2008 Graduation - Baccalaureate Ceremony

Gigliana Melzi, Faculty Speaker

Congratulations to all of you for having completed successfully a chapter in your life story! Congratulations to all of those people- family, friends [yes, and why not] professors- who have contributed to this success.

Twenty years or so ago when I was in your place, I experienced what I regard as my second most memorable cultural misunderstanding. The first was just 1 hour after landing in the U.S. from Peru. I was 18 and I arrived in Worcester, Massachusetts, all grown up, with my two yellow suitcases and my yellow teddy bear to start college [What can I say, I’ve always been into color coordination!] Two very cute guys had been charged with helping foreign students get settled. [I really should have ditched that teddy bear!] They greeted me: “What’s up”? [What’s up? De qué me hablan estos gringos locos, cómo que what’s up?]. I looked up and answered tentatively: “The sky”? I really did that!

Fast forward, four years later-, completely bicultural so I thought, I was graduating [graduation tune] and everyone was welcoming me into the real world. What real world? [Estos gringos otra vez con sus cosas, qué locos] From where I stood, I had been living in the real world for quite some time. So I dismissed the expression.

Fast forward, eight years later, my first year as a professor at NYU, I’m walking home up 5th Avenue at night, looking at the Empire State Building all lit up [much like a Sex & the City scene] and I’m wondering... how did I get here? How did I really get here?

It was at that moment that I finally understood the metaphor behind that dismissed expression of the real world. It does not mean that your experiences thus far have not been real nor does it speak to the lack of economic independence. It means that in societies such as this one, where educational attainment is key to success, in particular obtaining a Bachelor’s degree, the decisions that you will make between today [yes, today] and the next five years [for instance] will determine who you will become 10, 20, 30 years from today.

That is a little daunting. So it is just simpler to say welcome to the REAL world. It really means welcome to making decisions that will count much more than you can imagine.

Making decisions, at least for me, right after graduation was overwhelming. Expletive! Making decisions while in college was overwhelming. It was so difficult that I became an overachiever: I was a double major in Psychology and Latin American Literature and a double minor in Sociology and French. Simply, I just could not decide.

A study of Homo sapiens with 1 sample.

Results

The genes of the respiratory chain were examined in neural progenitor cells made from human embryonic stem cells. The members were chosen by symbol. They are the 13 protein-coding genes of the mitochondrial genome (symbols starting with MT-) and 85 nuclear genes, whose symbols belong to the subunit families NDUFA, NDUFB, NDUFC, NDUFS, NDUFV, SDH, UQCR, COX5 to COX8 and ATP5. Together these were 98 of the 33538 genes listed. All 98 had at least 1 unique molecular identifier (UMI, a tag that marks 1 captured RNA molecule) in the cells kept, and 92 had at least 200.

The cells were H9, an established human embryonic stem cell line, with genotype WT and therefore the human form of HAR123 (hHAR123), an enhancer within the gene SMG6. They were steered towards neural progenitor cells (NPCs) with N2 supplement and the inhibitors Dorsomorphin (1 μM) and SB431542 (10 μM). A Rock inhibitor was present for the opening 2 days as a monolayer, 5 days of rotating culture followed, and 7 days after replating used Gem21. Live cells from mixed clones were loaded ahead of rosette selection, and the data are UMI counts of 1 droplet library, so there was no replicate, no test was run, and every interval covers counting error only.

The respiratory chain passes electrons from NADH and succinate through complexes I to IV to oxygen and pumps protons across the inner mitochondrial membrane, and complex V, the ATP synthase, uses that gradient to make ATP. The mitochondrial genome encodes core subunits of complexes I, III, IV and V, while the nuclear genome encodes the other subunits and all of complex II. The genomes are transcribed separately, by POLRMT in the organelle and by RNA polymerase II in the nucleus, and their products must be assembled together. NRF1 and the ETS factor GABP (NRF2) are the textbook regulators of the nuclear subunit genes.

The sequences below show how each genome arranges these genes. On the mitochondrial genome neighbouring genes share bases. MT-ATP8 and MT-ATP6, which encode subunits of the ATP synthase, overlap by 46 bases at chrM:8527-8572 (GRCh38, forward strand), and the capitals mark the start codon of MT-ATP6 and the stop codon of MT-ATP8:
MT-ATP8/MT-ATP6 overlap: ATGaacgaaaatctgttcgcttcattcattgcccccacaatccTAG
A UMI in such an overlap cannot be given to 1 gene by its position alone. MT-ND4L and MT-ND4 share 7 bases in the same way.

So right after graduation, I really really wanted a PhD in Psychology; I really really wanted a PhD in Latin American literature, but … secretly I wanted to move to Paris and become a novelist with the hopes of being the second Latin American woman to win a noble prize in literature.

I wanted all of this and could not decide. So, my life just took its course and I there I was walking down 5th Avenue [a la Sex & the City] looking at the Empire State building when I realized that I had been approaching decision making in the least effective way. Fortunately for me, things just happened right, but they could have gone all wrong.

Making a decision up to that point, for me, meant closing doors and therefore limiting my possibilities for the future. So there on 5th avenue, I realized that making a decision does not mean closing a door it really means opening more doors than those you close.

So, now that you are graduating from college, have the courage to open doors, have the courage to make decisions, because only then will you be in control of who you are to become in the future. Choose wisely, absolutely yes. Be thoughtful about which doors you do open. And when you open a door, step through that threshold with passion, conviction, and above all integrity. Then, and only then, will you be one step closer to leading a fulfilling life.

Once more my deepest congratulations to all of you. ¡ Felicitaciones!